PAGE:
Noah D Burnett
Ecclesia Semper Reformanda, or “the church must always be reforming,” is a Latin phrase attributed to a 17th century pastor from the Netherlands. This little phrase, written in a small devotional journal almost 150 years after Martin Luther took a stand against the Roman Catholic Church, would become an anthem of Bible-believing congregations all around the world. These three Latin words contain the same idea that the apostle Paul was stressing to the saints in Corinth.
Now I would remind you, brothers, of the gospel I preached to you, which you received, in which you stand, and by which you are being saved, if you hold fast to the word I preached to you—unless you believed in vain. For I delivered to you as of first importance what I also received: that Christ died for our sins in accordance with the Scriptures, that he was buried, that he was raised on the third day in accordance with the Scriptures...1 Corinthians 15:1-8
Paul knew how easy it would be for the church to forget even the gospel. It was his intention to make sure that all the believers in Corinth continually came back to dwell on the truth of the gospel. This idea of reforming is consistent in scripture, especially when we truly understand what we mean by reform. To reform something in our current culture usually means to make it better, but when we talk about the Protestant Reformation or reforming our theology we are talking about re-forming something to its intended state.
Biblical theology cannot be “improved” upon as if we can add something to true biblical theology that isn’t already there, but it is easily distorted. So, when we say “Reformed Biblical theology” we mean biblical theology that has been intentionally tested against the original meaning of the text. It has been formed back to its original meaning...re-formed.
Now with this in mind, lets look again at the phrase “Ecclesia Semper Reformanda”. In the16th century, Martin Luther began a reforming of the Church to its intended biblical state. This was not a momentary reform, a one time and “that should do it” type of deal. Luther and the other Reformers all understood that this had to be an ongoing process by which the saints would continually evaluate the current temperature of the church, test that against Scripture, and then re-form accordingly.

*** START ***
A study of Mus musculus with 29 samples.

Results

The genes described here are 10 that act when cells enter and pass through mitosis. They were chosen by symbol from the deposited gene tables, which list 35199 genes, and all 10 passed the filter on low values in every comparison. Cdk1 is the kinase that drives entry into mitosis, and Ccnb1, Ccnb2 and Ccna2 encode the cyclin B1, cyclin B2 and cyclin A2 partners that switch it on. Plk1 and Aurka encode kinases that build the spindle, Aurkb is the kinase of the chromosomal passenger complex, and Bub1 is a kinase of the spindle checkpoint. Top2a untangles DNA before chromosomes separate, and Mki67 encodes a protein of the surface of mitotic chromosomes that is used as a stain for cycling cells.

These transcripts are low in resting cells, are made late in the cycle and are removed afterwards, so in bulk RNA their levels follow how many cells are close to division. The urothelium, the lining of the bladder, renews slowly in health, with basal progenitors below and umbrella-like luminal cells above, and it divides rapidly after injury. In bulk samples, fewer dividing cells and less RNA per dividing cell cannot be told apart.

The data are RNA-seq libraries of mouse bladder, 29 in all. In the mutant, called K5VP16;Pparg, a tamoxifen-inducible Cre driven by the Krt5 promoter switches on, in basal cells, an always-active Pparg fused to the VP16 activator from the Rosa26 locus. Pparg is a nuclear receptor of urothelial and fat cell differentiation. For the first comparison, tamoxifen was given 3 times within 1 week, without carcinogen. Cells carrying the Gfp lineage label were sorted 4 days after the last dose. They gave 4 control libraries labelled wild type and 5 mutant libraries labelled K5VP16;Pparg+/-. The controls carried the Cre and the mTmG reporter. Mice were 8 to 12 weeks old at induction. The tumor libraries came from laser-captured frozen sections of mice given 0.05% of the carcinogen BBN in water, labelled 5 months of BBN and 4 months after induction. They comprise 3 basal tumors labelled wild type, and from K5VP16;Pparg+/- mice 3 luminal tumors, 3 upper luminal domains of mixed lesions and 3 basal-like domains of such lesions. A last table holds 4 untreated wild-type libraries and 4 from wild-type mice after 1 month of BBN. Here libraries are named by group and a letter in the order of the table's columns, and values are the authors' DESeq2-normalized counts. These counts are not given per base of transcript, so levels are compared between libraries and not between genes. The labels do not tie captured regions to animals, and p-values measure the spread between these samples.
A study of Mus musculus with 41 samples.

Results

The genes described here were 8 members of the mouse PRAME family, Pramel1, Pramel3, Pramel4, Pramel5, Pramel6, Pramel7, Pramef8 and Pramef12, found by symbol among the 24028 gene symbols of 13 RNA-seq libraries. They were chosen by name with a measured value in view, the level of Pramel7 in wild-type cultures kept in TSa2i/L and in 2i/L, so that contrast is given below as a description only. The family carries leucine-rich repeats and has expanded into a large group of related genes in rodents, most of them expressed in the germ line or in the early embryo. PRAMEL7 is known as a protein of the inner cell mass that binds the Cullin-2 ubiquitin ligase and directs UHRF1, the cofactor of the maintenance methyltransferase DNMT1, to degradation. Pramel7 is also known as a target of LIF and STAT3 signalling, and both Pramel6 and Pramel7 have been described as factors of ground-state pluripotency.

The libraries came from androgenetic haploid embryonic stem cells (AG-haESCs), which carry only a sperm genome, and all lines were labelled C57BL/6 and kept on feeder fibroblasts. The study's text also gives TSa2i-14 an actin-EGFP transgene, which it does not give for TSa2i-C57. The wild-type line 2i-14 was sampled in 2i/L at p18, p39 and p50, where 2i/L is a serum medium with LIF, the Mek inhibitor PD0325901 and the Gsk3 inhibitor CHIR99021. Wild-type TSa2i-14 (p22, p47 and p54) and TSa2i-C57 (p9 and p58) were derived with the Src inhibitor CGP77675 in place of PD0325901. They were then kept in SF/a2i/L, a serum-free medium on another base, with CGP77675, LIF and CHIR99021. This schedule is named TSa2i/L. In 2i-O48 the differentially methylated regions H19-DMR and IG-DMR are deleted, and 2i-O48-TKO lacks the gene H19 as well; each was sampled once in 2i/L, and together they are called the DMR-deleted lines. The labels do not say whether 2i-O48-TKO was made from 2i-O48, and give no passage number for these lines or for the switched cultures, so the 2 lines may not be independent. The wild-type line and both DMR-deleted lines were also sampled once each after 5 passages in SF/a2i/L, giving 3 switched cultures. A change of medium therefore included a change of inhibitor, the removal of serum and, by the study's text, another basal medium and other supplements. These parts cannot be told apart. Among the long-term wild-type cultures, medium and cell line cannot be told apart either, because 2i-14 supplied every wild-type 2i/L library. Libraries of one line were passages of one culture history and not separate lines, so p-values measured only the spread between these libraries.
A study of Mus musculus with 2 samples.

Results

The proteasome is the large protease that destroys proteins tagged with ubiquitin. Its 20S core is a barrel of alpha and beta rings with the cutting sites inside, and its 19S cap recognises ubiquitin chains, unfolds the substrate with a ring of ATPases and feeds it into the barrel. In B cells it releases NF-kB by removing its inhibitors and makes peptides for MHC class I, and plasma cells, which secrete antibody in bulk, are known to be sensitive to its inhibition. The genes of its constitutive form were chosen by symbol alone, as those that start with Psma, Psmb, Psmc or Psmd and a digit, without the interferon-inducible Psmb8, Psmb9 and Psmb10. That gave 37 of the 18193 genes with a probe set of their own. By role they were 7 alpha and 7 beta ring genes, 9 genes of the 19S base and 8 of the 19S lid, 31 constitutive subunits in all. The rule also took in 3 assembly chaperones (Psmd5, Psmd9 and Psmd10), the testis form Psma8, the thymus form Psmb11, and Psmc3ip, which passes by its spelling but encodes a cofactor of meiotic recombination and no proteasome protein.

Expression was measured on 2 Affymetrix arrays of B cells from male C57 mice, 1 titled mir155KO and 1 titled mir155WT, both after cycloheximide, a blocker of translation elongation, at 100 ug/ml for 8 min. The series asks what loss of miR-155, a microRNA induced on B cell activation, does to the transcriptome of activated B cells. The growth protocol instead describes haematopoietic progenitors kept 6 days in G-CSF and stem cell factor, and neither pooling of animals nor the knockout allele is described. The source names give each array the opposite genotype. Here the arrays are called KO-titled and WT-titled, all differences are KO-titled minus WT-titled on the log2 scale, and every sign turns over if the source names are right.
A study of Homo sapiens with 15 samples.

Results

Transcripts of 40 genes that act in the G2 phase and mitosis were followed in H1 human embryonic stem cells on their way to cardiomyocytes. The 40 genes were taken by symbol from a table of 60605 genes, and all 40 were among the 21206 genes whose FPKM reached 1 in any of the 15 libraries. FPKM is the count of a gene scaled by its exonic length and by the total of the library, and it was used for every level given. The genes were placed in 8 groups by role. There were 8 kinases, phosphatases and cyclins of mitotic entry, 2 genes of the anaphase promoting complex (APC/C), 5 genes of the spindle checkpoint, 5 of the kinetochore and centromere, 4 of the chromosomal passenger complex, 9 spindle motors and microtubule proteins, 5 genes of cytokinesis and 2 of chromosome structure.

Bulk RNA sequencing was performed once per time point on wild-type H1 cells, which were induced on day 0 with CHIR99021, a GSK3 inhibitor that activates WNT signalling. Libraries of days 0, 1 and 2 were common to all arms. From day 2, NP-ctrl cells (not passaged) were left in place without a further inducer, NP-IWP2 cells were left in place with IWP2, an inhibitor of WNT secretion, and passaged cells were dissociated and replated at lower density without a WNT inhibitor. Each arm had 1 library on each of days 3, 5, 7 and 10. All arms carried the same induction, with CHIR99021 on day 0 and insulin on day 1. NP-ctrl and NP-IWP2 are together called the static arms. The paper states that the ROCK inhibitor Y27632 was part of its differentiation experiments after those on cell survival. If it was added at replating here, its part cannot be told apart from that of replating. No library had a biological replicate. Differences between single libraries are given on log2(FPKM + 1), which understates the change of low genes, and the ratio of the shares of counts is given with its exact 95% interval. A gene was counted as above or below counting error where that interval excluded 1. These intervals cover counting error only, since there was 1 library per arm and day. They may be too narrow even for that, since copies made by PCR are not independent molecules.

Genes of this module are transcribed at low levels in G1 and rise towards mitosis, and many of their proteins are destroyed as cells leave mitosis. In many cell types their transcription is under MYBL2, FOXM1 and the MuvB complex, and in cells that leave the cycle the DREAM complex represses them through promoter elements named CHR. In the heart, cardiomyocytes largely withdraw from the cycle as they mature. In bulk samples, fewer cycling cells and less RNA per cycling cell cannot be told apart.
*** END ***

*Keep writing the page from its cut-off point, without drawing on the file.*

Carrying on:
Obviously the Church will never be completely reformed until Jesus returns, but just as St. Augustine, Luther, Calvin, Edwards, Whitefield, Spurgeon, continually re-formed their thinking around Scripture, so must we. The Scriptures are our only hope of knowing who God is. Some will argue this point by saying “what about prayer or fellowship?” and they would be right to assume that both of those actions greatly help us know God more. But the only reason we know how to pray rightly, or how to carry out fruitful fellowship, is because we have a right understanding of how Scripture has instructed us to do so. Without consistently realigning our hearts and thoughts with the Word of God, we inevitably will drift into misunderstanding and sin.
...but be transformed by the renewal of your mind, that by testing you may discern what is the will of God, what is good and acceptable and perfect. Romans 12:2
“'...Return, O faithless children, declares the LORD; for I am your master; I will take you, one from a city and two from a family, and I will bring you to Zion...” Jeremiah 3:14
Whether we look to the Old Testament, where Israel is called to re-form to the covenant they had with God, or the New Testament, where the church is called to constantly re-form itself to the gospel, we will always find the idea of semper reformanda. The Church must always be reforming, back to the Word, back to the gospel, back to God, and now more than ever.